From Scott:

More precisely, this is a tale of fourteen days, my new science fiction vampire novel just released on Amazon for the Kindle: 14 Days ‘Til Dawn. The idea for this whole novel came to me in a very unusual way. I want to take the time to share the story with you, and hopefully by the time we’re done, you’ll want to read the book.

QUESTIONS AND ANSWERS. That’s where most novels come from. An author asks a series of questions, and the answers provide the basis for the plot of a book. In this case, the question came to me while I was driving home one night. The song “Freefalling” by Tom Petty and the Heartbreakers came on the radio. The beginning of the second verse goes like this:

And all the vampires walking through the valley
Move west down Ventura Boulevard.

I had heard the song countless times before, but this time I had a vision. [Rick wonders: Is it dangerous to have visions while you’re driving?] Why would vampires walk west? The answer to that question is rather simple: they need to get away from the sun. But no one can walk fast enough to avoid the sun. The more I thought about it, the more I came to realize that I had a novel on my hands. All I had to do was answer the questions.

The first obstacle I had to tackle was the previously stated fact that nothing can walk (or run) fast enough to escape the sun. My vampires would need to be mobile in some type of vessel. It would have to be airborne, because they would eventually hit a coastline. But I need them to be able to socialize with each other, which they couldn’t do in a group of airplanes. My answer: a flying city!

This was when the story began to really flow. Obviously, if I’m talking about a flying city, this story has to be science fiction. This opened another door for me: I was no longer bound to this planet. For reasons that you’ll see when you read the book, I chose the Alpha Centauri system. I put my flying vampire city on a moon in orbit of the third planet. With a four-week rotation period, I had found the perfect home for my vampires: the nights last for two weeks. This supplied me with the title: 14 Days ‘Til Dawn. It also allowed me to slow down my flying city, allowing easy access by those on the ground.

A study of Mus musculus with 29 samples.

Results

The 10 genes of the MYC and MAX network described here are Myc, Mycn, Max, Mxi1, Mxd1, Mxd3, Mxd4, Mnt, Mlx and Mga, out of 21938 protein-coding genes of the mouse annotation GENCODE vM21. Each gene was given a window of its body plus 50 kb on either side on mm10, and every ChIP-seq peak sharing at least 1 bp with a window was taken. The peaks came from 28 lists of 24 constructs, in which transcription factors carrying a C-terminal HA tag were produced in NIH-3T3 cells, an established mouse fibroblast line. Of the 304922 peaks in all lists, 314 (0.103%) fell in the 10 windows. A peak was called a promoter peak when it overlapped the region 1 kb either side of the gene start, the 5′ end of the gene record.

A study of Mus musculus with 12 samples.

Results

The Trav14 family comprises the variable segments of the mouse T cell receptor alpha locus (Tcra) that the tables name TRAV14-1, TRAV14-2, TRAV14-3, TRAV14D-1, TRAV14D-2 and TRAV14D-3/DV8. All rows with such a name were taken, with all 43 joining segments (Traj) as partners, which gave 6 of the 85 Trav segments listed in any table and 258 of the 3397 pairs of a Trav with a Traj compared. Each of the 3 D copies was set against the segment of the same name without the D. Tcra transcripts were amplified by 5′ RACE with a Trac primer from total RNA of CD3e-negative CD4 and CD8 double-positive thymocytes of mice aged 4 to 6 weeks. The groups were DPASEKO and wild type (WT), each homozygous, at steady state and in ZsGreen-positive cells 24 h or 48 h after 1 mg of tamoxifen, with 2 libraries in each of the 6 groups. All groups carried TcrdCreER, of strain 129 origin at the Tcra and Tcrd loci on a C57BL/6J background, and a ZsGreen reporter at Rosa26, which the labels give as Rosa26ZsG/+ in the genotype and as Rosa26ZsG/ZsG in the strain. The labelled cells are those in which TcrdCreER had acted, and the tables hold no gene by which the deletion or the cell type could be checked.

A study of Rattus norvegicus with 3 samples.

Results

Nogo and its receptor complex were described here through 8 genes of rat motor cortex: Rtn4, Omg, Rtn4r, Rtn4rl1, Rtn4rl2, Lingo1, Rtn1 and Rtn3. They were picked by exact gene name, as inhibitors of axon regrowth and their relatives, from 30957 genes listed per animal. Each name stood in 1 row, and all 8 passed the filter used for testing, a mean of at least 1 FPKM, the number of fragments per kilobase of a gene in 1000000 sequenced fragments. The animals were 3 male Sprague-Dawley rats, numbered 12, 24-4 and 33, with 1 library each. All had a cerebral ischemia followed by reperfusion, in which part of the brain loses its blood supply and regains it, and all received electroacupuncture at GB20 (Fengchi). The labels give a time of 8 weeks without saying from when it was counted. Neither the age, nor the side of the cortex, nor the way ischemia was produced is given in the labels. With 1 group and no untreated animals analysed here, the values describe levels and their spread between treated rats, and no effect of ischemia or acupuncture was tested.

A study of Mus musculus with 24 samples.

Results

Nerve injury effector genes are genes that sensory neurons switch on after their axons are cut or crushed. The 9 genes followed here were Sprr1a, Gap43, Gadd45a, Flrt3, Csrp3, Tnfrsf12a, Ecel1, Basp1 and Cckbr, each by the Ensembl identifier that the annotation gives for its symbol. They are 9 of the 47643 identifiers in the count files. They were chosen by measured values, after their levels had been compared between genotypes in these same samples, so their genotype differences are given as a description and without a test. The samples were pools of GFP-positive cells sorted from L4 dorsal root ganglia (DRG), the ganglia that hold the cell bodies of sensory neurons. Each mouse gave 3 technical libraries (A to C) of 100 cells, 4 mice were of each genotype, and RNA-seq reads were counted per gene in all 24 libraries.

I spent a few months writing the backstory. This included a history of life on the lunar continent, a biography on all the characters, and the war that brought the people of this moon to where they are when the book opens. Next, I wrote a basic outline to use as a roadmap on how I planned to get from the beginning to the end.

Outlines are an interesting topic. Some authors swear by them, others never write them. I believe it is completely up to the writer–whichever way works better. I’ve written books with and without an outline, and I find having an outline to be much easier. With that said, I have to point out that an outline needs to be flexible. In 14 Days ‘Til Dawn, I had initially planned to kill off a certain character two chapters into the book. That character’s death was postponed, and eventually, the character completely took over the book. I still arrived at the ending I wanted; it just had a different face on it.

In a recent post, Rick mentioned setting up a timeline. In my case, the timeline became critical–and difficult to manage. The whole novel takes place over the course of a month or so. The problem was that on the moon I created, a night lasts for two weeks. Certain events needed to take place after the sun had set, while others had to coincide with the following sunrise. Without the normal day/night cycle to help me keep track of time, the calendar became much more difficult to manage. I had to take a lot of notes, and I had to keep a very close watch on the passage of time. If I had erred in my calendar math, readers would have noticed.

I’d like to close with a recommendation on two pieces of software that can be a tremendous boon for writers. The first has to do with map generation. With this being a fictitious world, I needed a map. I drew a very primitive map in MS Paint, just to give me a point of reference. But for the novel, I needed something more. Enter the new software: Campaign Cartographer 3. The interface for CC3 takes a little getting used to. But you can see the results in the novel. I used the same software to create a map for The Piaras Legacy and Archon’s Gate. The maps are available for viewing on my website.

The other software, which I am about to purchase, is Scrivener. A friend and fellow author gave this software his highest recommendation. It creates a virtual bulletin board, allowing the writer to easily track characters, events, and the chronology of the novel. While I can’t offer my personal endorsement on this program yet, I will keep you posted.

At long last, 14 Days ‘Til Dawn has hit the virtual shelves. Everyone with a Kindle, iPod, iPad, iPhone, or Android phone/tablet can download it from the Kindle Store. In a few days, I’ll have the paperback version ready. At this point, I don’t have plans to move it to Smashwords and make it available in other formats. But time will tell.